The kitchen in Ramia’s rented home in northern Lebanon may be small, it is where the mother of four has transformed her grandmother’s ‘mouneh’ recipes into a growing business.
‘Mouneh’ (from the Arabic word mana – to store) is the pickling and preserving of fruits, vegetables, and herbs harvested during seasons of plenty. It is a practice that goes back for centuries and is an important part of the Middle Eastern kitchen.
“I can remember from my childhood, my family working together to make ‘mouneh’. Since I was young, we would all work side by side, brothers, sisters, cousins. It was a beautiful time,” Ramia recollects.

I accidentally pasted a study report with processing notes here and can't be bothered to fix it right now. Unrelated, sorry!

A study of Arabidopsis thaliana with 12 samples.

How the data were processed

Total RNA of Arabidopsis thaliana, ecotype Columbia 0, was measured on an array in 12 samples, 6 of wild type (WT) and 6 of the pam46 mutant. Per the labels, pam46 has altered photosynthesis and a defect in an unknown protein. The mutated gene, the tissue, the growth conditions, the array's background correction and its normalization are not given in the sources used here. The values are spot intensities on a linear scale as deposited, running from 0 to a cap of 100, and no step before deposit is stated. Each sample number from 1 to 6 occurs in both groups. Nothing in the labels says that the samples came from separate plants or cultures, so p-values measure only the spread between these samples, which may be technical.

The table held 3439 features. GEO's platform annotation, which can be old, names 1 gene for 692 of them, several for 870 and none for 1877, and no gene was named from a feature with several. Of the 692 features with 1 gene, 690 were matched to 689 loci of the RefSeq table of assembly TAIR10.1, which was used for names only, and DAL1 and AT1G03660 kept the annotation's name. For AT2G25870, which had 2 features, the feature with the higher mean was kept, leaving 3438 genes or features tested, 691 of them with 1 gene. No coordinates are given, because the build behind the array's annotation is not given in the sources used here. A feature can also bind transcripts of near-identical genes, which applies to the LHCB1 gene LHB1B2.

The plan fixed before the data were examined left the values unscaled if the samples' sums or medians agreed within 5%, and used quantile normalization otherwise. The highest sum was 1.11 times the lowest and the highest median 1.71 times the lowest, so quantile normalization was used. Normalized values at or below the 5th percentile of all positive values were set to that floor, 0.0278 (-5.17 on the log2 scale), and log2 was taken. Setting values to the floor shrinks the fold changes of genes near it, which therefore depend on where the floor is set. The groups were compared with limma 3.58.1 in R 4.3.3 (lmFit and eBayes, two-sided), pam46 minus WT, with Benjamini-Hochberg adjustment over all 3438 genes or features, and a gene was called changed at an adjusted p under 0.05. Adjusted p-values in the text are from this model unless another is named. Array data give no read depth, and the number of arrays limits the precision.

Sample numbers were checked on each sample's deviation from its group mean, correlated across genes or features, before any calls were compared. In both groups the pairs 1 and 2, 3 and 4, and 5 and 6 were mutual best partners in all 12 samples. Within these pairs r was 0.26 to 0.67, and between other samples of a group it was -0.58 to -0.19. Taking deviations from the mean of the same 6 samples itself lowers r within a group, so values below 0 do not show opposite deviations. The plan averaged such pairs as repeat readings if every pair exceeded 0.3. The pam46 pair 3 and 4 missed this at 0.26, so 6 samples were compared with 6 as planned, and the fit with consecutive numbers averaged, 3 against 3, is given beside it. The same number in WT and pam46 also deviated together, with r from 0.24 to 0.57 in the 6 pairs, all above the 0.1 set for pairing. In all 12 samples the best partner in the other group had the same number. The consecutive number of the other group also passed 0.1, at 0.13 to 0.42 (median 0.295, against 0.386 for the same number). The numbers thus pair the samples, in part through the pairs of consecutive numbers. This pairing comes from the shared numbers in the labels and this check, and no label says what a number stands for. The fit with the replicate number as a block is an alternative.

Since 2012, Ramia and her husband faced the persistent challenge of making ends meet. Ramia explained, “My husband works day-by-day, I needed to work on something that I knew and could provide support for our family.”
Readied with her family recipes and a determination to succeed, Ramia participated in NEF business development training and created a business plan. Her plan, one of 840 to be approved under the livelihoods project since 2017, secured her a cash grant, and she took the first steps to establish her business.
One year on, Ramia supplies a network of local outlets, updates her regular clients via a WhatsApp group and welcomes a constant flow of customers to her home.
In June 2018, she received a NEF expansion grant and has invested in improving her workspace and expanding her range of products.
Reflecting on her journey, Ramia reveals, “Before this, I felt I was nothing, but now I am doing something for myself, for my family and my community. It’s now very easy to pay the rent and the bills. When my children work alongside me they ask me to tell stories of my childhood. It makes me very happy.”